In the words of Bill Gates, Microsoft co-founder and philanthropist: “Success today requires the agility and drive to constantly rethink, reinvigorate, react, and reinvent.”
Put another way, in a world dealing with the impact of COVID-19, organizations should essentially be in a perpetual state of movement or advancement to be able to withstand future disruptions.
Transitioning from the Immediate Response Phase to the Forward-Looking Business Continuity Phase
To provide context, let’s look at the situation from the beginning. Immediately following the outbreak of COVID-19, during what we refer to as the respond phase. In this phase, organizations went into full-blown solutions mode to resolve pressing issues. Key examples of this include: tracking the exposure of employees who may have been exposed to the virus, ramping up case management efforts to monitor injuries, keeping on top of work restrictions and recording and reporting employees’ medical visits. Essentially, organizations had to stop the bleeding before thinking about their future state.
With that phase now behind us (at least for most organizations), decision-makers can now focus on developing long-term measures, which is where business continuity planning comes in.
What Business Continuity Planning Means to EHSQ Professionals
Before we delve into what business continuity looks like to EHSQ professionals, let’s examine its definition. According to Scott Gaddis, Vice President, Global Practice Leader, Safety and Health: “Business continuity planning (BCP) creates layers of protection within the management system to mitigate the amount of loss and the disruption from those losses in a way that protects people, public perception and revenue to the business.”
So how is this different than non-EHSQ business continuity?
Here are some key differences and/or nuances to keep in mind:
- There is a heightened need for integration and cohesiveness between teams—not only technical integration, but also from a strategic and tactical perspective as well.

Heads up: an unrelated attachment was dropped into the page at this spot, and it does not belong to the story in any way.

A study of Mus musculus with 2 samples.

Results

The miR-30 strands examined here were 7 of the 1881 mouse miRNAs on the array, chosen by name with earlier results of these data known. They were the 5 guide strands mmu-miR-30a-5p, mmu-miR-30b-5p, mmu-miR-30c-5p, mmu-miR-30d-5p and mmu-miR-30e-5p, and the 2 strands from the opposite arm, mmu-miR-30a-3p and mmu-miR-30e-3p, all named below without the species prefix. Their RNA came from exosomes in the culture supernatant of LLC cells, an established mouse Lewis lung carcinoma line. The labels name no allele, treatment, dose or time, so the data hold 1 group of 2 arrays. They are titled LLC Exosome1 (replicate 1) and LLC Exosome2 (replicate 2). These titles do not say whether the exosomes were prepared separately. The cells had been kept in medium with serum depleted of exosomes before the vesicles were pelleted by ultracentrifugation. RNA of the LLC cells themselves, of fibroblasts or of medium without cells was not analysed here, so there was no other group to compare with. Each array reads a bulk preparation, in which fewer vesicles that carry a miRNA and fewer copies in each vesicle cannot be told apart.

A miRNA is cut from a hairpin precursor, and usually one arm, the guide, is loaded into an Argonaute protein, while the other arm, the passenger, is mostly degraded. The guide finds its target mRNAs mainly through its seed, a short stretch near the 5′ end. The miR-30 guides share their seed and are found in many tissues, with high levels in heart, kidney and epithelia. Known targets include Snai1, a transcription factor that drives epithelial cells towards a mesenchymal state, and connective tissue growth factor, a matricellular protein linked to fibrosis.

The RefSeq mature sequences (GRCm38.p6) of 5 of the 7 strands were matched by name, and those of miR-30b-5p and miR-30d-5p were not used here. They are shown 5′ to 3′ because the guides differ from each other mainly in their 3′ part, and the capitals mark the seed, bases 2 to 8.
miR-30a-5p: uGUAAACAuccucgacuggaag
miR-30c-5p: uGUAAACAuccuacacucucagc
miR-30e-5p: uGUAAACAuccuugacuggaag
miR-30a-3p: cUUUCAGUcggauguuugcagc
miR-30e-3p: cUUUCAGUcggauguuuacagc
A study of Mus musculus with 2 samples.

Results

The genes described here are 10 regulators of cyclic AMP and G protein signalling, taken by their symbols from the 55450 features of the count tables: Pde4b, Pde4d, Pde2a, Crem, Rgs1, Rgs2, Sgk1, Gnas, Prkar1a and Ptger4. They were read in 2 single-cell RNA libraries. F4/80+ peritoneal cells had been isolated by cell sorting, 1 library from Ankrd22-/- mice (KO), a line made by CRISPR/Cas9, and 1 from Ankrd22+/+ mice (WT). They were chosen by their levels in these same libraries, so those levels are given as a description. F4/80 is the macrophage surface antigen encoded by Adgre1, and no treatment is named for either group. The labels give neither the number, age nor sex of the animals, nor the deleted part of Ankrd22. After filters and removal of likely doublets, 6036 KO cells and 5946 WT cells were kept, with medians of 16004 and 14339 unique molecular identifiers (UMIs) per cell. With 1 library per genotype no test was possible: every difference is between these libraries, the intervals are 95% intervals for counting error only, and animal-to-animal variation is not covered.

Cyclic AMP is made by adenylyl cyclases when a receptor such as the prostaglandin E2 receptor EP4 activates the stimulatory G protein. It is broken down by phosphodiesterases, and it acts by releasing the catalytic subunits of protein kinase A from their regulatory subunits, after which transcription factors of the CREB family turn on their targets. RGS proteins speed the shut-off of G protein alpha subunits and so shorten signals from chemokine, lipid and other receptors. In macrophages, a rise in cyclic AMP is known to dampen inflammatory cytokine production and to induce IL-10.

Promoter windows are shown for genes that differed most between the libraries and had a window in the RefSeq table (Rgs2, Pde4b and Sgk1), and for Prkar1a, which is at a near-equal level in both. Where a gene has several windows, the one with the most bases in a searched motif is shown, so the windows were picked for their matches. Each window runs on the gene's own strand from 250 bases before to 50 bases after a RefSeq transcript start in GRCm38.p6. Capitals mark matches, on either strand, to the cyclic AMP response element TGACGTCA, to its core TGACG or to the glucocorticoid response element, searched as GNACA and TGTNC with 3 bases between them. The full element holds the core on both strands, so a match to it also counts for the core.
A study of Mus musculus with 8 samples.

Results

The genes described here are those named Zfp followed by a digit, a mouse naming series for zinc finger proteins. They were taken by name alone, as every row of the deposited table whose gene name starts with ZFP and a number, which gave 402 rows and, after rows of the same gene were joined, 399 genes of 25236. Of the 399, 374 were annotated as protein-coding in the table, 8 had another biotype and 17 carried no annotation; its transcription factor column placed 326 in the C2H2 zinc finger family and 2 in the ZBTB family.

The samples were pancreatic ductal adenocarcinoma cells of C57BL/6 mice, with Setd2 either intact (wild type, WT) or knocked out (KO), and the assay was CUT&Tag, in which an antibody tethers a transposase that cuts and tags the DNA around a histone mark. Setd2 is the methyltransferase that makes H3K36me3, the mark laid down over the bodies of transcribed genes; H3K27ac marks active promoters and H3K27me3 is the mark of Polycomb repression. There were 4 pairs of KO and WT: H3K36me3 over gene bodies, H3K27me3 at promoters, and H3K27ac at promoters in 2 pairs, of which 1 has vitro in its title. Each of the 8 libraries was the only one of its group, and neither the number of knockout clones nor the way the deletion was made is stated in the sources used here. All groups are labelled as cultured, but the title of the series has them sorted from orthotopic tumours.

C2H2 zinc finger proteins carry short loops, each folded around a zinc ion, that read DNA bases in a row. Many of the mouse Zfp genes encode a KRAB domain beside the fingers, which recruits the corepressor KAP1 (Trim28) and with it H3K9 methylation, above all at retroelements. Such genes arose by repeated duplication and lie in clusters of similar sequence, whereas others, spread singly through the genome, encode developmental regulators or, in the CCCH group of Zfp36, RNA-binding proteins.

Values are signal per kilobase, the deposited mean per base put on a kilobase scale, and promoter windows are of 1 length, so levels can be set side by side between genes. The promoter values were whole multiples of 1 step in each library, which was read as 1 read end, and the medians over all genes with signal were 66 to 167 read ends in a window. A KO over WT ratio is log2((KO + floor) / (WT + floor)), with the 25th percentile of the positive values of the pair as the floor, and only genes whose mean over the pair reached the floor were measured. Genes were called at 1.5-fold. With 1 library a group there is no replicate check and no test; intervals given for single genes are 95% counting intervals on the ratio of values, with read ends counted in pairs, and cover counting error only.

- These organizations need to look at the full spectrum of scenario analysis, even those with a low likelihood of actually happening, and prepare responses to them.
- For those who still use paper-based or legacy systems, this current situation necessitates turning to robust software to facilitate crisis management planning effectively.
- There is an immediate need to leverage big data and advanced analytics to ensure that these organizations go through digital transformation.
What You Need to Know to Kickstart the Decision-Making Process
Equip your organization with the insights required to make sound, data-driven decisions. Download our guide, Supporting Business Continuity During Crisis: Five Key Data Buckets That Foster Decision Making, and get ready to learn:
- How the effective integration of a key management system platform of core applications and key add-on tools such as application builder can help drive operational excellence.
- Why robust training management software is critical to creating an organization-wide method to facilitate sound crisis planning.
- How applications with robust incident management capabilities can help you capture data, monitor developments and further investigate incidents—all to calculate and mitigate further risk.
To view all five data buckets, click here to access your guide!